A bit less of the obsequious fawning would do no harm
Hu Jintao will touch down at Chek Lap Kok airport tomorrow to a choreographed orgy of obsequious fawning from Hong Kong officials backed by a chorus of servile whimpering from the city's business grandees.
The impression that the president's handlers are aiming for is of a benevolent emperor descending from the clouds to secure the economic future of an undeserving local citizenry by dispensing life-saving financial favours.
In an attempt to build expectations, Beijing yesterday trailed some of the goodies it has in store. According to Xinhua, the central government will introduce a suite of new measures to promote yuan trading in Hong Kong that will 'further enrich' the city's offshore market.
And lest anyone fails to appreciate this generosity, Beijing's offer of largesse comes backed with a hint of steel. On Tuesday, there was a steep sell-off in Macau casino shares after a local newspaper warned that Beijing could slap visa limits on visitors to the territory and cap the amount of cash that mainland gamblers were allowed to withdraw once they got there.
For observers in Hong Kong, the implied message is clear: the gifts Beijing gives, Beijing can take away again. So if you want to continue to bask in Mr Hu's favour, be on your best behaviour. Otherwise you may be consigned to the outer darkness.
Yet this carefully constructed image of a Hong Kong dependent on handouts from Beijing for its livelihood is completely misleading.
The mainland government is not permitting the development of an offshore yuan market in Hong Kong out of a charitable concern for the city's economic well-being. On the contrary, Beijing is acting solely from self interest. It desperately needs Hong Kong's financial markets if its policy of internationalising the yuan is to stand any chance of success.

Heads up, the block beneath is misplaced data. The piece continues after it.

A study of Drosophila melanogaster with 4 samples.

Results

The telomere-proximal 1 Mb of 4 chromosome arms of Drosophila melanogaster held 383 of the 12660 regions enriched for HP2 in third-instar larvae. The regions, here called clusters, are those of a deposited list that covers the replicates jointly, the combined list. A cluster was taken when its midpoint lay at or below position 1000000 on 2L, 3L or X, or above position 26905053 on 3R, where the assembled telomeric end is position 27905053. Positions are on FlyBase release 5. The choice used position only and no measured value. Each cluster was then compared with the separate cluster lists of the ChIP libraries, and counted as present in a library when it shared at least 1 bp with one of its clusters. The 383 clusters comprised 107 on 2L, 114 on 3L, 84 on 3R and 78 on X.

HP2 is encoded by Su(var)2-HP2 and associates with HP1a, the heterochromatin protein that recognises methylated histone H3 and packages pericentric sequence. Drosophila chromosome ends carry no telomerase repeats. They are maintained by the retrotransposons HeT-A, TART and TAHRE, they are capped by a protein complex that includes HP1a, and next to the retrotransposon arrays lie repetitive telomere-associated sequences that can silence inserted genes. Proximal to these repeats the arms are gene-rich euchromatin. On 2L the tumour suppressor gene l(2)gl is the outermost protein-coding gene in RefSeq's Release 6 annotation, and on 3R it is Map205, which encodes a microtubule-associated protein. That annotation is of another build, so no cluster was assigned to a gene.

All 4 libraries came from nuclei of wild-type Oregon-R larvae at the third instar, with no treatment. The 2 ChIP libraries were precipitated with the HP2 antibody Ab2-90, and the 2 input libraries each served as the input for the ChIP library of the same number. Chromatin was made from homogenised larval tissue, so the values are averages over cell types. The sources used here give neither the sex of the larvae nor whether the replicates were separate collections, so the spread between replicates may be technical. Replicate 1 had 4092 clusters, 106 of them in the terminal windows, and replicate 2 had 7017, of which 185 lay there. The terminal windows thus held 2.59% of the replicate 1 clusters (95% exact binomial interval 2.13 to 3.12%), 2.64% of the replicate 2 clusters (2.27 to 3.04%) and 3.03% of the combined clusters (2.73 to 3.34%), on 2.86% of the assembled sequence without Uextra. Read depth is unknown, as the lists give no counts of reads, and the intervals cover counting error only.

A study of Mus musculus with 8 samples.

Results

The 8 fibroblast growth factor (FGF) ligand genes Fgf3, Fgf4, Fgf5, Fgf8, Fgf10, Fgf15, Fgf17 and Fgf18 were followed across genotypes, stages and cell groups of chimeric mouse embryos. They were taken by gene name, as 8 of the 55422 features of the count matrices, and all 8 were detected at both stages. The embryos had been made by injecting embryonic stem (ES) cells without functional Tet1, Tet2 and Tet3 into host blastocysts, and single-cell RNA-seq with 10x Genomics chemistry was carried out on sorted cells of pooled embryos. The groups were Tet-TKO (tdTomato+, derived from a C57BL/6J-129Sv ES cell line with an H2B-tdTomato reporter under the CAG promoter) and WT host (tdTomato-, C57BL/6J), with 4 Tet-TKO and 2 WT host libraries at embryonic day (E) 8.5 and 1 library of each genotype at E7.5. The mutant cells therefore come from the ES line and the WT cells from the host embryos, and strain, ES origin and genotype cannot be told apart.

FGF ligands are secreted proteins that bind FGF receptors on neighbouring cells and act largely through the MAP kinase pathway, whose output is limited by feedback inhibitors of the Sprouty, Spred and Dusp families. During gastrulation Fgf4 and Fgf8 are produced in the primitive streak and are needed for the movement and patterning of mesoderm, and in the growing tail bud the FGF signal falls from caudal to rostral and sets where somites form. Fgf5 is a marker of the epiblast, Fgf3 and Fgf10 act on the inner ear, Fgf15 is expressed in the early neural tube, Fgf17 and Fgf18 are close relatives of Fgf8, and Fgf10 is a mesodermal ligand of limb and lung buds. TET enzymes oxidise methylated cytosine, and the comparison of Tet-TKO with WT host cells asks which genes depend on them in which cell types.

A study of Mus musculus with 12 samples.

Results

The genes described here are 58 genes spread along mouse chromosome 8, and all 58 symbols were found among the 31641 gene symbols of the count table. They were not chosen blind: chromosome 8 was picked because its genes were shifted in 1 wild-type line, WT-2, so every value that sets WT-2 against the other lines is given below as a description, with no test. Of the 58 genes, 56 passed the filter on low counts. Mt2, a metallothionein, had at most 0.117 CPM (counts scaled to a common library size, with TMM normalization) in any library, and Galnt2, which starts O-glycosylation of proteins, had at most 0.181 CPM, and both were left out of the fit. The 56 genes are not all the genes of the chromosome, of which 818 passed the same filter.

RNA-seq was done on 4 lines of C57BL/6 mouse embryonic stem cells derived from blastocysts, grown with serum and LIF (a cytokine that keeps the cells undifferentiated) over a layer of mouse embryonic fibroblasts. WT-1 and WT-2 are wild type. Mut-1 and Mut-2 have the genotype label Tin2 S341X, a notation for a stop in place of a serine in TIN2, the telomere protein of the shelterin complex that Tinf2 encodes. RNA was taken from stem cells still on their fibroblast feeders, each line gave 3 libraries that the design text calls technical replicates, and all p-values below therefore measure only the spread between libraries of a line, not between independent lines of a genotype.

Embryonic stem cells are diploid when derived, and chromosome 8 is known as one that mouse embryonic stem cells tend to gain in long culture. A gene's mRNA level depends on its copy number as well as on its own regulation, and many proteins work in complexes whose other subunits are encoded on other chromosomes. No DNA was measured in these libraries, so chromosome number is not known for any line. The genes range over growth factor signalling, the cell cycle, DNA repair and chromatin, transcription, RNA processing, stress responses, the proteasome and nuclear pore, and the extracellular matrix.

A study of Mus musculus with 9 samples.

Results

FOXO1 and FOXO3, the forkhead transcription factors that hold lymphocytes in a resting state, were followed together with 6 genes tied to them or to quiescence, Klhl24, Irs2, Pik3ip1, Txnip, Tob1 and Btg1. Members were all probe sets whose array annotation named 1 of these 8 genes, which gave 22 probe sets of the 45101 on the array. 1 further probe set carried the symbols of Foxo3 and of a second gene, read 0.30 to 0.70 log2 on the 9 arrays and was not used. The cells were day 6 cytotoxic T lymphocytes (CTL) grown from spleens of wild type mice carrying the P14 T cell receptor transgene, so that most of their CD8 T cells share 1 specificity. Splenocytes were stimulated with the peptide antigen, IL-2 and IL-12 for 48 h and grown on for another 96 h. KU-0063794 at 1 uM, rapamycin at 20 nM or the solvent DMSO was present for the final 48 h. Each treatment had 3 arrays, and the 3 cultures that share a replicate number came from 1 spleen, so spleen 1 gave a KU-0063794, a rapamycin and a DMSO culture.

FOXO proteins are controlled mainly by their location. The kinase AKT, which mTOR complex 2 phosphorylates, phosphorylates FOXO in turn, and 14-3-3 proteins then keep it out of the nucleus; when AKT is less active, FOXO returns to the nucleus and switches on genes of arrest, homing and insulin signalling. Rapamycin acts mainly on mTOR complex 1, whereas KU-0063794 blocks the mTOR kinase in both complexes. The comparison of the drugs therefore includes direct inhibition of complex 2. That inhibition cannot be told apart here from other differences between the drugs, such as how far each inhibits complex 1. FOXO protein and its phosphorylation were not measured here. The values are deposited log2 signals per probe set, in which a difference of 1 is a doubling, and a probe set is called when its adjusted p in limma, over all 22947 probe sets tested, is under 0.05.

Beijing is haunted by the spectre of September 2008, when a sudden shortage of US dollar liquidity brought world trade to a near-standstill, halting assembly lines in factories across China. To prevent a repeat, it wants to promote the yuan as a currency of choice for international trade settlement.
At the same time, mainland Chinese officials are deeply envious of the benefits they think accrue to the United States as the issuer of the world's premier reserve currency. Establishing the yuan as an accepted alternative, they believe, will greatly enhance China's international power and prestige.
Whether it will is debatable. Conventional wisdom holds that to ensure enough global liquidity, the issuer of a major reserve currency must run a sizeable current account deficit. Unfortunately, over time a persistent deficit will tend to weaken the issuer's economy and undermine faith in its currency as a reserve of value.
The conventional wisdom may well be wrong. A current account deficit may not be essential. But if a would-be reserve currency issuer doesn't run one, it certainly needs a highly sophisticated financial centre to recycle large quantities of capital into international markets in order to provide the necessary liquidity, especially if, like the mainland, it still operates strict controls on the free flow of capital across its borders.
That's where Hong Kong comes in. Despite plans to establish Shanghai as an international financial centre, the mainland city simply isn't up to the job and won't be for many years.
To accept a currency for international trade and investment, let alone as a denomination for their official reserves, overseas holders need to have solid confidence in the institutional and regulatory quality of the market they are relying on.
According to the World Bank's Doing Business report, Hong Kong ranks in first place globally for its legal protection of borrowers' and lenders' rights, and in third place for the strength of its investor protection. Mainland China comes in 60th and 77th place respectively, alongside Zimbabwe and Bosnia.
Similarly, the World Economic Forum ranks Hong Kong among the top 10 markets globally both for the soundness of its banks and the breadth of financial services it offers. In contrast, it puts mainland China only in 64th and 60th place respectively, alongside Benin and tiny Brunei.
And, almost as importantly, Hong Kong is placed fourth for the affordability of its financial services; mainland China 41st.
In short, the rest of the world has no faith in the quality of either the mainland's regulatory regime or its financial institutions.
That means without Hong Kong's top-notch financial centre as an intermediary, Beijing doesn't have a prayer of persuading anyone else to use the yuan as a trade, investment or reserve currency at any point in the foreseeable future.
So when Mr Hu touches down here tomorrow, Hong Kong's officials and financiers need not act like supplicants, putting on quite such a nauseating display of servility. It's not only undignified, it's unnecessary.